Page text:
Charles River Reservation

CharlesRiverEsplanade_signature_TomKlein_2016_10.jpg
Boston, MA
United States
Charles River Reservation

Beginning at Boston Harbor and running along the Charles River for twenty miles, this reservation was one of the metropolitan sites proposed by Charles Eliot and Sylvester Baxter in a report published in 1893 by the Metropolitan Park Commission. When Eliot became a partner in the firm Olmsted, Olmsted & Eliot that year, he remained the designer of the metropolitan projects.

This 863-acre linear reservation consists of two sections. The lower half of the reservation, from the Charles River Dam to the Watertown Dam, is the Charles River Basin, which includes the Charles River Esplanade on the Boston side. The original dam was built in 1910 to prevent flooding, and was replaced in 1978 by the current dam.  The basin abuts Harvard University, the Massachusetts Institute of Technology (MIT), and Boston University. The Upper Charles River section of the reservation begins at Watertown Square and extends to Riverdale Park in West Roxbury.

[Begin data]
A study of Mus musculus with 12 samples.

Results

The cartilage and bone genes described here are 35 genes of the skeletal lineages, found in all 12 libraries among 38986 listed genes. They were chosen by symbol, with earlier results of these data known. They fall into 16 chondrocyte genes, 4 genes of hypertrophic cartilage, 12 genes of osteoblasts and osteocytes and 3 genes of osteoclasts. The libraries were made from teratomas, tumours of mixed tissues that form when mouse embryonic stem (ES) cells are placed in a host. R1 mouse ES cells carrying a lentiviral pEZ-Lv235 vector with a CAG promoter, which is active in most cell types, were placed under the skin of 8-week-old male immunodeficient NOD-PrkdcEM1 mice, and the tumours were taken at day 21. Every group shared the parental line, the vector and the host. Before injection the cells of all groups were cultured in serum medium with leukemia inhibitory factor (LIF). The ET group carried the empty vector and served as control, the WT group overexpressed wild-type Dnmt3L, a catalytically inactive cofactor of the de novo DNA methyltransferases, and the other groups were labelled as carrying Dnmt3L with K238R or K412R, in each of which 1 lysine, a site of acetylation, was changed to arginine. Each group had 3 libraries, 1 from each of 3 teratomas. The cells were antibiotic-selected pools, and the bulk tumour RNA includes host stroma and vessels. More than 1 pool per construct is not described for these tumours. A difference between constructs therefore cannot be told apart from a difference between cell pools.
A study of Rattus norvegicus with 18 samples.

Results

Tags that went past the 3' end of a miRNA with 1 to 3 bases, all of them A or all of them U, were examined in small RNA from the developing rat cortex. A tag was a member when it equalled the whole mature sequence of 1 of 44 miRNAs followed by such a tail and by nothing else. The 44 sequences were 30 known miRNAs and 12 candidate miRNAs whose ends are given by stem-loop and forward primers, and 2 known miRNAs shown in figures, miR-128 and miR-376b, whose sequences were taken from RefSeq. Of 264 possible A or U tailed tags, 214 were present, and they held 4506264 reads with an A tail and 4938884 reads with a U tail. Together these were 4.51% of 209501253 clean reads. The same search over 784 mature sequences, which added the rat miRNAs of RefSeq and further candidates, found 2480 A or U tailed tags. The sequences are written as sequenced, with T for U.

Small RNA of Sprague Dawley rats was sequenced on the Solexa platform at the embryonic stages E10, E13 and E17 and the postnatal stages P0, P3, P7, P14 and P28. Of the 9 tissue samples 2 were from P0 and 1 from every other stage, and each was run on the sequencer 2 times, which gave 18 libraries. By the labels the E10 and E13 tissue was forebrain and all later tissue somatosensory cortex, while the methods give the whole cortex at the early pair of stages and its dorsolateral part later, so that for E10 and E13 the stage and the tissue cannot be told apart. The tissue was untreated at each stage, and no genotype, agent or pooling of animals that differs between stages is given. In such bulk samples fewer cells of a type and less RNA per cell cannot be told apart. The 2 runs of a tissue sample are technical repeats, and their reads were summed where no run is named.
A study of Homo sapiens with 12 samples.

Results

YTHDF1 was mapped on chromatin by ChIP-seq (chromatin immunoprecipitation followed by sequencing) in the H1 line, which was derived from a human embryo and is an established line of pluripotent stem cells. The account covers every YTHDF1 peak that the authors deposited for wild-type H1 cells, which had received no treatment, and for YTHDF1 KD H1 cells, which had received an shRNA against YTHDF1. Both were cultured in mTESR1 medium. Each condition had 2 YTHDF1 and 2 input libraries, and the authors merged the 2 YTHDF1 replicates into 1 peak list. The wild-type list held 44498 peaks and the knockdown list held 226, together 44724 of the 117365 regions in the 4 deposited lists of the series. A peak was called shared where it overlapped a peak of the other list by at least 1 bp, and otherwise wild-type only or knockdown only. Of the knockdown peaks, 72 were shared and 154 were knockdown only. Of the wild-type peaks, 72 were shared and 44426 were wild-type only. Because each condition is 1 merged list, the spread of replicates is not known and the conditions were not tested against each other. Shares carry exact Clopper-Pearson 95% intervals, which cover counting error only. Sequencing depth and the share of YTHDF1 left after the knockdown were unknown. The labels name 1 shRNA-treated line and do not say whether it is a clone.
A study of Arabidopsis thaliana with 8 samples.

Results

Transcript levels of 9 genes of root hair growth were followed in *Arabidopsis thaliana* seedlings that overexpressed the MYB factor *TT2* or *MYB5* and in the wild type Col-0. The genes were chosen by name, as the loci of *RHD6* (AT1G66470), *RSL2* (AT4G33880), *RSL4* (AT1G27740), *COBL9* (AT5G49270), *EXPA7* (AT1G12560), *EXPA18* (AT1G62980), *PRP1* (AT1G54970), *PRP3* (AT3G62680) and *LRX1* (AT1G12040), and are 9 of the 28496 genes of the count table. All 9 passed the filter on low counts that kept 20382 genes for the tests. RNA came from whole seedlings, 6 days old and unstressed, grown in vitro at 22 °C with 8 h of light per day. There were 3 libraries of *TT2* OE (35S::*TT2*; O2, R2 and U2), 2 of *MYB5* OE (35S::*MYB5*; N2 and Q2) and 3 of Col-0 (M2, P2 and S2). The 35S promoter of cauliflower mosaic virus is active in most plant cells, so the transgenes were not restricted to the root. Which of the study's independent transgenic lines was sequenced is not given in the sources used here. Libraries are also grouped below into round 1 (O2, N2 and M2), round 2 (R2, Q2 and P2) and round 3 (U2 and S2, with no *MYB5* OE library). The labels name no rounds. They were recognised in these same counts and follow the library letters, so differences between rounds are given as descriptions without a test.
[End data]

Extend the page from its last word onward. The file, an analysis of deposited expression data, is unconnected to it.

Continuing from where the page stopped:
The reservation contains numerous parks located along both sides of the Charles River, including the Charles River Esplanade, Lederman Park, Nashua Street Park, Herter Park, Paul Revere Park, North Point Park, the Front and Cambridge Parkway, the Cambridge Esplanade, Magazine Beach, Riverbend Park, John F. Kennedy Park, Nahanton Park, Allison Park, Auburndale Park, Landry Park, the Lakes District, Forest Grove, Hemlock Gorge, Cutler Park, Riverdale Park, and Brook Farm. Two granite pillars marking the entrance to the Upper Charles River Reservation are located in Watertown Square. A continuous pathway runs along the river banks to the Moody Street Bridge in Waltham. The Dr. Paul Dudley White Bike Path loops around the basin for about eighteen miles, from the Charles River Dam to Watertown Square. The 820-acre Charles River Basin Historic District was listed in the National Register of Historic Places in 1978, and the Charles River Reservation Parkways were listed in the National Register of Historic Places in 2006 as a district.